Side 49 - In the corrupted currents of this world Offence's gilded hand may shove by justice, And oft 'tis seen the wicked prize itself Buys out the law; but 'tis not so above; There is no shuffling, there the action lies In his true nature, and we ourselves compell'd Even to the teeth and forehead of our faults To give in evidence.
Side 197 - ... economy. Economy is a distributive virtue, and consists not in saving, but in selection. Parsimony requires no providence, no sagacity, no powers of combination, no comparison, no judgment. Mere instinct, and that not an instinct of the noblest kind, may produce this false economy in perfection. The other economy has larger views. It demands a discriminating judgment, and a firm, sagacious mind.
Side 333 - France, to hunt for a shameful and ruinous fraternity with this odious usurpation that disgraces civilized society and the human race. And is, then, example nothing? It is everything. Example is the school of mankind, and they will learn at no other.
Side 312 - Manners are of more importance than laws. Upon them, in a great measure, the laws depend. The law touches us but here and there, and now and then. Manners are what vex or soothe, corrupt or purify, exalt or debase, barbarize or refine us, by a constant, steady, uniform, insensiroi,. ir. 45 ble operation, like that of the air we breathe in. They give their whole form and colour to our lives. According to their quality, they aid morals, they supply them, or they totally destroy them.
Side 327 - All human Laws are, properly speaking, only declaratory ; they may alter the mode and application, but have no power over the substance of original justice.
Side 201 - In that way of putting things together, his Grace is perfectly in the right. The grants to the house of Russell were so enormous as not only to outrage economy, but even to stagger credibility. The Duke of Bedford is the leviathan among all the creatures of the crown. He tumbles about his unwieldy bulk; he plays and frolics in the ocean of the royal bounty. Huge as he is, and while "he lies floating many a rood,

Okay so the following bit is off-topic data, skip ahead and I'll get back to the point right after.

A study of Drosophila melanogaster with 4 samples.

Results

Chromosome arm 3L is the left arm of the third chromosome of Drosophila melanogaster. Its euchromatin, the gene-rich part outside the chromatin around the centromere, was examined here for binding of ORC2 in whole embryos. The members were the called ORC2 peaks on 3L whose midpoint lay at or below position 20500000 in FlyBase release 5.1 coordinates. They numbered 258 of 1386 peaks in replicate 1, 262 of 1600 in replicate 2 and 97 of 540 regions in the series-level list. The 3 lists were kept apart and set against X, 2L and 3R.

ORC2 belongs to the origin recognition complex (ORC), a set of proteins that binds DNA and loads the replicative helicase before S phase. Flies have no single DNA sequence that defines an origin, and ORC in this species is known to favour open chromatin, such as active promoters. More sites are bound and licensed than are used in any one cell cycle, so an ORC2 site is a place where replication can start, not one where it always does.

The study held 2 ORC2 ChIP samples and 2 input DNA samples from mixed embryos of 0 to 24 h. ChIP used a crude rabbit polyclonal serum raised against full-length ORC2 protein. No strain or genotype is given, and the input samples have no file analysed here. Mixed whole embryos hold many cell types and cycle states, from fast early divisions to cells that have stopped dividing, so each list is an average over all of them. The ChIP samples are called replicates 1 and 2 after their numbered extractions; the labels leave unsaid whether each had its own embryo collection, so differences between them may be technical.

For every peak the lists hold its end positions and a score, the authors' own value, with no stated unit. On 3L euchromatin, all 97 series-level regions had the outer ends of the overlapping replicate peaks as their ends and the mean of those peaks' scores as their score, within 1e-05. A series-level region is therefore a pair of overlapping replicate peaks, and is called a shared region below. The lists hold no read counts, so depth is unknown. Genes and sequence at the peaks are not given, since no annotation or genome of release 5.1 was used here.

Side 134 - To provide for us in our necessities is not in the power of government. It would be a vain presumption in statesmen to think they can do it. The people maintain them, and not they the people. It is in the power of government to prevent much, evil ; it can do very little positive good in this or perhaps in any thing else.
Side 166 - I had my chalk to draw any line, was this: that the state ought to confine itself to what regards the state or the creatures of the state : namely, the exterior establishment of its religion ; its magistracy ; its revenue ; its military force by sea and land ; the corporations that owe their existence to its fiat ; in a word, to everything that is truly and properly public, — to the public peace, to the public safety, to the public order, to the public prosperity.
Side 184 - He was a man of admirable parts; of general knowledge ; of a versatile understanding fitted for every sort of business ; of infinite wit and pleasantry ; of a delightful temper ; and with a mind most perfectly disinterested. But it would be only to degrade myself by a weak adulation, and not to honour the memory of a great man, to deny that he wanted something of the vigilance and spirit of command, that the time required.
Side 25 - He well knows two things : first, that no wise or honest man can approve of that partition, or can contemplate it without prognosticating great mischief from it to all countries at some future time ; secondly, he knows quite as well, that, let our opinions on that partition be what they will, England, by itself, is not in a situation to afford to Poland any assistance whatsoever.